One of the questions in the TOUCANS survey was ‘What are the main obstacles or challenges that you have encountered in attempting to implement OER initiatives at your institution?’ In this post I share the answers given by respondents to this question.
Getting staff to embed open practices as part of daily workflows.
It’s more effort and not as high quality as developing new materials ourselves.
Lack of understanding/knowledge about OER.
OER needs to be sold to an institution from within and without.
Perception of potential commercial disadvantage.
Exposing the university to quality threats in association with an unproven, flaky model perceived as a distant second best.
Far fewer than you would imagine and, indeed, no different to those I faced when trying to implement other educational technology in a f2f institution. Same old stories emerged “giving away the family silver”, “I’m too busy” (aka am unsure/scared/anxious), “how’s this benefit me?”, “What’s the minimum I have to be seen to do”, “What do students get from this”, “Students won’t come to the lecture” (or equivalent) etc., etc.
In the new UK system of academic positions at my university, only those who already run courses (course leaders) have any influence in what courses are offered. Those, who like me now, aren’t course leaders, have no say even though I have run various courses for over 20 years.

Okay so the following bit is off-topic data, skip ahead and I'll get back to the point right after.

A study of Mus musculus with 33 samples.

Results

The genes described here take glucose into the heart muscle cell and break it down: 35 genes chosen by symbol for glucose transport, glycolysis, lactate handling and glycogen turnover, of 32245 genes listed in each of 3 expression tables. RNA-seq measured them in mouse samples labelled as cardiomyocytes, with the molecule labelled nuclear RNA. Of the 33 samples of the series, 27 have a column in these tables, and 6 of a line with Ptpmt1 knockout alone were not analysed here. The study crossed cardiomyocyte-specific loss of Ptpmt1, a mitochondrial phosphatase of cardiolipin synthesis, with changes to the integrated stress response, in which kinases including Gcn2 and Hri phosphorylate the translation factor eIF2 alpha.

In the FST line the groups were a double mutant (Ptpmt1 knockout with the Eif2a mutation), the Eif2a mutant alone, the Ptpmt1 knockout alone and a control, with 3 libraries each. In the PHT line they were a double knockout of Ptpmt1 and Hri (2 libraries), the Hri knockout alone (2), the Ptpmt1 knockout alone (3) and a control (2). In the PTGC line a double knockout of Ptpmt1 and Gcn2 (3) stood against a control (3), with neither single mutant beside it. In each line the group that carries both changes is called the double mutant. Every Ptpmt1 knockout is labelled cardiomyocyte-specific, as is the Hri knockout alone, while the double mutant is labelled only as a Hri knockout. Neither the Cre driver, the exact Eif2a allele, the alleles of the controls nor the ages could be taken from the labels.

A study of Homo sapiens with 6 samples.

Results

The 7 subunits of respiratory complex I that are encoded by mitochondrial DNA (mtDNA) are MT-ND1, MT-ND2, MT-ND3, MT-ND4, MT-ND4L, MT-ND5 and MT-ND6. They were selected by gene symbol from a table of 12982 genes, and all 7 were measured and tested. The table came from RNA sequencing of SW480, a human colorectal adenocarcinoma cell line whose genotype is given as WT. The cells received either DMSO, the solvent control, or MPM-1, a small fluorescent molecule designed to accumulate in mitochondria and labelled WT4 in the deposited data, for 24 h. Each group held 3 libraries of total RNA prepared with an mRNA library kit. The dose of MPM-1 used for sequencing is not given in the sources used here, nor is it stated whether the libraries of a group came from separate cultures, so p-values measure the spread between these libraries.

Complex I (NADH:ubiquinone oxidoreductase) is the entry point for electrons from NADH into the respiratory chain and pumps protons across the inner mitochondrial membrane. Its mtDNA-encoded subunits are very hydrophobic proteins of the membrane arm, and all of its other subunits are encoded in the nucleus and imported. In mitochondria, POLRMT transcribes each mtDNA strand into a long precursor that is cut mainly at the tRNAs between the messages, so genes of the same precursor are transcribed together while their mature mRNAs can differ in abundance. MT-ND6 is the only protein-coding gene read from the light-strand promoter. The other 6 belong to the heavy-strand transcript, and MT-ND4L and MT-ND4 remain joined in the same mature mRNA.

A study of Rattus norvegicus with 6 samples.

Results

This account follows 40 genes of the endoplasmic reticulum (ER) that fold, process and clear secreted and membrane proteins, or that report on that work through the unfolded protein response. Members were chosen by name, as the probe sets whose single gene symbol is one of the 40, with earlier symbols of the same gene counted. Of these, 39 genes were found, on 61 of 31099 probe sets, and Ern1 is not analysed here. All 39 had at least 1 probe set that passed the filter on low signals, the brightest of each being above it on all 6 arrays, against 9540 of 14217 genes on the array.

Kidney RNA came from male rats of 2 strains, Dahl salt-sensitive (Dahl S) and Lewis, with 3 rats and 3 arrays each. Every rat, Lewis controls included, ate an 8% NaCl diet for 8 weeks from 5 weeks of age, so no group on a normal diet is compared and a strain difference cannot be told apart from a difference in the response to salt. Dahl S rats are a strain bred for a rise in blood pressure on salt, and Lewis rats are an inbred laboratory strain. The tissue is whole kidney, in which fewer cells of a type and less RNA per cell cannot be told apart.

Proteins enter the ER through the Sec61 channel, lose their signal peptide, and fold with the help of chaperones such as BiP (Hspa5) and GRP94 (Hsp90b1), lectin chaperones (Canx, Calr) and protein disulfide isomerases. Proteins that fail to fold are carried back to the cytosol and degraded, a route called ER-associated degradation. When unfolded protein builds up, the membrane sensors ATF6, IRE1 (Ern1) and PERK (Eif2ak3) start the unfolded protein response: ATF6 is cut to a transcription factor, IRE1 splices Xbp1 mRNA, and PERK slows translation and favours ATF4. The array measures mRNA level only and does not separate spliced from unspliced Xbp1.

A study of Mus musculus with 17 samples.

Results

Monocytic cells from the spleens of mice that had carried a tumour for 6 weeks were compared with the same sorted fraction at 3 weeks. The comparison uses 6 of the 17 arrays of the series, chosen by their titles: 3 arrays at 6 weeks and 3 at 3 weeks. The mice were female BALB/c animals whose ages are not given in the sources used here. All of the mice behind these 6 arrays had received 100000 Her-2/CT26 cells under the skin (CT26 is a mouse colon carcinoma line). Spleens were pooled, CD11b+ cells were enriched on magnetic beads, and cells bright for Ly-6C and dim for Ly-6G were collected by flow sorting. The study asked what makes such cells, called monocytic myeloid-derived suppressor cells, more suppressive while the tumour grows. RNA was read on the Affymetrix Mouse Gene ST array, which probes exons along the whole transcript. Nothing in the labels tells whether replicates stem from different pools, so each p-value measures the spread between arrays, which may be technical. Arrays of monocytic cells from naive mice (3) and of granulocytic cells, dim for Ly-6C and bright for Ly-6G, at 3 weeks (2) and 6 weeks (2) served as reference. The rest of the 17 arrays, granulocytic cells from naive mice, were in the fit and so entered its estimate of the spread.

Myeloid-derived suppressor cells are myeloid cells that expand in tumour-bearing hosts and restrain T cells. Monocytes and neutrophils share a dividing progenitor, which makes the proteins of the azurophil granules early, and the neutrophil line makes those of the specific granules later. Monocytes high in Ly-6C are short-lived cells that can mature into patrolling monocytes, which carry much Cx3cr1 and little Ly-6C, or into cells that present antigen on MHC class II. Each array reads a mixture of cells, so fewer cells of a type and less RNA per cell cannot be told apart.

All of these are a huge impact to OER uptake, mostly due to lack of knowledge of what an OER is and how it can be used effectively.
Not really a mainstream issue in the Lab. Younger staff are very enthusiastic however and there is an ICT4D strand which would lend itself to an OER approach.
Don’t really have enough experience to answer these questions with confidence, so it’s largely guesswork.
One of the most important factors for the OU [Open University, UK] could be that the teaching staff are paid to tutor the students and this is not part of a wider and more flexible contract where extension to scope may be easier. So examining and marking attract direct costs which would be expected to be in line with the payments currently made to OU tutors which are relatively generous compared with some other DL institutions. It is unlikely that volunteers could be recruited to teach or mark scripts without alienating current tutors as this activity is so similar to current activity.
Senior management buy in, and we are now in the position of needing a university-wide vision for carrying OER forward. This will need support and resources.
Learning and teaching is not really something that is ‘owned’ centrally. As most faculties have a strong research base, there is also a strong sense of ownership and uniqueness of the learning resources, justified or not.